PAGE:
What is the expressive potential of hip hop? What underlies the movement vocabulary of break dance? Is there a theory of syncopation, of inversion? Montreal’s RUBBERBANDance Group, directed by choreographer Victor Quijada, raised some of these questions for me in their presentation of “Loan Sharking” at the Durham Performing Arts Center June 24-26. Billed as a company that blends hip hop and contemporary dance, RUBBERBANDance’s influences actually reach much wider, including ballet, capoeira, and various forms of improvisation, including contact improvisation. Rather than infusing contemporary dance with blasts of the high impact flashiness that has come to be associated with hip hop, Quijada is creating a hard-to-pin-down style that indicates a deep investigation into the particular nature of hip hop, into the elements that set it apart or connect it to other dance forms.
Read the rest of the review here.
Although I couldn't really go into them in the review, I found myself really taken with the questions about the expressive potential of hip hop. Perhaps because Quijada was incorporating hip hop elements into a style that was so different than how we usually experience hip hop, I couldn't stop thinking about what those elements are, and what they could express. Most often, I think it is the kinetic power of hip hop that is at the forefront--the pace is usually fast, the movement is powerful, often aggressive, and there are sometimes impressive "tricks" incorporated--headspins, flips, freezes. As a viewer, I get involved in the high energy, the rhythm, my sense of awe at the power, coordination, and daring of the dancers.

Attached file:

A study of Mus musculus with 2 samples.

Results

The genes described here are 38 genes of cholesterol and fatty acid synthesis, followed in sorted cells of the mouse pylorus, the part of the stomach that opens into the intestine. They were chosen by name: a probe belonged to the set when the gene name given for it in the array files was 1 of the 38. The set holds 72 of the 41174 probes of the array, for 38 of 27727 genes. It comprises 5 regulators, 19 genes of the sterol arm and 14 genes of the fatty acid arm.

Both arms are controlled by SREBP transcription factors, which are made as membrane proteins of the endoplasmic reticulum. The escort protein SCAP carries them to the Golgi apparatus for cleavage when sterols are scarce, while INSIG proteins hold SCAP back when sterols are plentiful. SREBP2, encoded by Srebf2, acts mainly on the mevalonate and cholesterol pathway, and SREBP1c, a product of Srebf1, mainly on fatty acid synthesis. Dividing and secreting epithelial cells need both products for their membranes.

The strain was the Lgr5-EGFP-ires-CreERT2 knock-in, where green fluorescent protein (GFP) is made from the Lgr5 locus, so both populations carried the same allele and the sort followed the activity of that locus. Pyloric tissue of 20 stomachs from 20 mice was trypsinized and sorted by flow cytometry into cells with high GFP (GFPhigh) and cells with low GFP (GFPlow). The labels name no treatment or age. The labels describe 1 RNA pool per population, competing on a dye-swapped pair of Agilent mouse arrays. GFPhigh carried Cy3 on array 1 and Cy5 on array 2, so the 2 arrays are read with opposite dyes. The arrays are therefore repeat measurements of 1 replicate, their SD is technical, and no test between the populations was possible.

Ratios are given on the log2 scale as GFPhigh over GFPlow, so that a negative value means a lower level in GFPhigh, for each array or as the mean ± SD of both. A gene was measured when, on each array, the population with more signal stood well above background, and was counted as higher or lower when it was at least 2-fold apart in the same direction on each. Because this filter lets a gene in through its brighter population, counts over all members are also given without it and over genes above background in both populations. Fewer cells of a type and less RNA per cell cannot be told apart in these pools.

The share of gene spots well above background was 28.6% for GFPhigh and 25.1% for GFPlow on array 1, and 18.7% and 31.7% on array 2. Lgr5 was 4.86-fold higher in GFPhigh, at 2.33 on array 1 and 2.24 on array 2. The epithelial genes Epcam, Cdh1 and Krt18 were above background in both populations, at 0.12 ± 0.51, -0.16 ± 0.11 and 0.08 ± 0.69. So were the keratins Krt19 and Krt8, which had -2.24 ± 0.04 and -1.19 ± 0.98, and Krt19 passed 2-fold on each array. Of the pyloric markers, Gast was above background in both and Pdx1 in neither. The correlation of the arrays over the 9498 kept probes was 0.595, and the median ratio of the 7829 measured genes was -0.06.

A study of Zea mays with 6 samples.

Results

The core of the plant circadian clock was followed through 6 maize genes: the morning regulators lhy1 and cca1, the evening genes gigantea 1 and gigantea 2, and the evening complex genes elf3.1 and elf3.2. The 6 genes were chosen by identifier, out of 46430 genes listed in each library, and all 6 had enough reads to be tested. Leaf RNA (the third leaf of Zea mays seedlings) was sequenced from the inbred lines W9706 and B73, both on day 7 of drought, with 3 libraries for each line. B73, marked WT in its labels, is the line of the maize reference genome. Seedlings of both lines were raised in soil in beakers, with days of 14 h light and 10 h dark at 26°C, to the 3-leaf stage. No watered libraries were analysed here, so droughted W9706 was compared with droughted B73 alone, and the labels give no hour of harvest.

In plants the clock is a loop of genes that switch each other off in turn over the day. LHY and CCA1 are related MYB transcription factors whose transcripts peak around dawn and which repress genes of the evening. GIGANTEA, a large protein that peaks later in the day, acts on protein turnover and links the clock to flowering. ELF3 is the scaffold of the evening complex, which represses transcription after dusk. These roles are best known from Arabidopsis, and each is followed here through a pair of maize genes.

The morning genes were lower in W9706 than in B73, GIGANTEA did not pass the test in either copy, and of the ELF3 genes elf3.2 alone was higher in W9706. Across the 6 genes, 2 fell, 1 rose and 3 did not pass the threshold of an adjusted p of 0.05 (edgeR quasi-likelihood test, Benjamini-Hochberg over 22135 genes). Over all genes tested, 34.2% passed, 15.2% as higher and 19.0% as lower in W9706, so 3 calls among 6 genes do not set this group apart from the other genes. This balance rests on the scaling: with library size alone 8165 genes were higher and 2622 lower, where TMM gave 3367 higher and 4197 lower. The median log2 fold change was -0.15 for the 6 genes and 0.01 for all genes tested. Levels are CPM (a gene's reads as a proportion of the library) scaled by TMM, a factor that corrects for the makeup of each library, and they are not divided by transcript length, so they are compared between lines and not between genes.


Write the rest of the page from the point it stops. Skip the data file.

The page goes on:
But what if hip hop was used to express more than power, speed, or aggression? What could an inversion mean? (An inversion refers to "upside-down" poses, shapes, movement.) A metaphorical turning something or someone on its head? Looking at the world from a different angle? What about the ease with which Quijada's dancers rise up, rebound from the floor? Resilience? As I watched the performance, I kept writing down things like redirect, deflect, replacement--words that suggest subversion, defense, turning an attack into a more positive force. And the solo I describe in the review, where it appears that the woman is "scratching" the movement, as a DJ would scratch a record, speaks of endless repeat, rewind, replay. Or even revision. A starting and stopping, segmented, fragmented flow, a distorted narrative.
Maybe I am reading way to much into all of this, but all of these characteristics tell me something about the origins of hip hop, and the people who developed it. Started in urban centers as a counter-culture street dance, hip hop grew into an alternative to actual fighting, although it often retains a "battling" structure and a competitive nature. Redirect, upside down, deflect, rewind, replay, revise, fragmentation. Are these characteristics inherent in the form or is my hindsight knowledge able to write these interpretations over a convenient surface? At any rate, they speak to me of resilience, creativity, rewriting the conventional narrative. I'm not suggesting that Quijada was intending any of these meanings or interpretations, although he may have been, but his work certainly got my curiosity going.